Mechanisms of Evolution

Overview

Description

There are multiple mechanisms of evolution (genetic change between generations), but arguably the most important mechanism is natural selection. Natural selection is the idea that individuals with certain traits will survive and reproduce better than other individuals in a given environment. Over time, favorable traits will accumulate in a population, leading toward adaptation to that environment. Charles Darwin is considered the father of evolutionary biology because, in his book On the Origin of Species, Darwin argued that life is ever changing and that natural selection is the primary force driving this change. Distinctions are now made among multiple mechanisms of evolution: mutation, migration, random events, and mate choice. If these factors are not operating in a population, evolution is not occurring. The amount of genetic change in a population is measured by evaluating the gene and genotype frequencies and comparing observations with predictions made by the Hardy-Weinberg Principle.

At A Glance

  • Charles Darwin introduced the idea of evolution by natural selection in On the Origin of Species.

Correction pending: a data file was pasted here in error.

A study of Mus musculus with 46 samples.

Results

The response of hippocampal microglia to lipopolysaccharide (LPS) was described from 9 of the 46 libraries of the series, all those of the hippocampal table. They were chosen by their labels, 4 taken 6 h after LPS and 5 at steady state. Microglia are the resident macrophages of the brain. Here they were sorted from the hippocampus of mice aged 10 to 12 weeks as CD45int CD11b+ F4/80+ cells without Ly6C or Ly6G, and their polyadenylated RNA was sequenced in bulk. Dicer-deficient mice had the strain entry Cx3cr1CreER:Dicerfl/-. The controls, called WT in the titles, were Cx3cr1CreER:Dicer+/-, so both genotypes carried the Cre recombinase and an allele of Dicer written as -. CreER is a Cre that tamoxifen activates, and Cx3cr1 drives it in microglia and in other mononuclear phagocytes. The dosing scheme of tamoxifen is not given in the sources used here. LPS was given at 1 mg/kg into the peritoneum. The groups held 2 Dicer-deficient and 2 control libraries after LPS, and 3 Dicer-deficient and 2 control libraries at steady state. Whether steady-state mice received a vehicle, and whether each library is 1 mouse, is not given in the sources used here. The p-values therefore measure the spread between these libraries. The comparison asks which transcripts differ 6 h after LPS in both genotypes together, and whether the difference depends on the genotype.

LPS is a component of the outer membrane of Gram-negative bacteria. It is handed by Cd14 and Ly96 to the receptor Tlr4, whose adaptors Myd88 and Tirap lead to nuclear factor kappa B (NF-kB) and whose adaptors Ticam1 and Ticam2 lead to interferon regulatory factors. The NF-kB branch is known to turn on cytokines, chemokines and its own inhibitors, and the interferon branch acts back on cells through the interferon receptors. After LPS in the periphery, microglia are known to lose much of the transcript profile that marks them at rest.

• Natural selection is a process by which individuals with certain traits survive and reproduce better than other individuals in a given environment.
  • Darwin observed that there is heritable variation (differences based on genes) in traits among individuals and that there is competition for resources. From these observations, he inferred that individuals who are better suited for their environment will be more successful than other individuals, causing their traits to spread in a population over time.
  • Natural selection is the only mechanism of evolution that always leads toward adaptation (better survival and reproduction in an environment).
  • Sexual selection increases the reproductive success of organisms with certain traits.
  • Random genetic drift changes the proportion of a population that has a version of a gene to a greater degree in small populations.
  • Sudden, dramatic reductions in population size can reduce genetic variation by chance; this change in the gene pool is known as the bottleneck effect.
  • The founder effect can change gene frequencies through the random selection of individuals founding a new population.
  • Gene flow can lead to a change in gene frequencies by introducing genetic variation from a neighboring population.
  • The Hardy-Weinberg principle states that in the absence of evolution, gene and genotype frequencies will remain constant.
  • In order for the Hardy-Weinberg equilibrium to occur, there needs to be no mutation, no natural selection, random mating, no genetic drift, and no gene flow within the population.
  • An allele frequency is how often certain genes appear in the population. This is used to calculate whether or not the alleles are changing.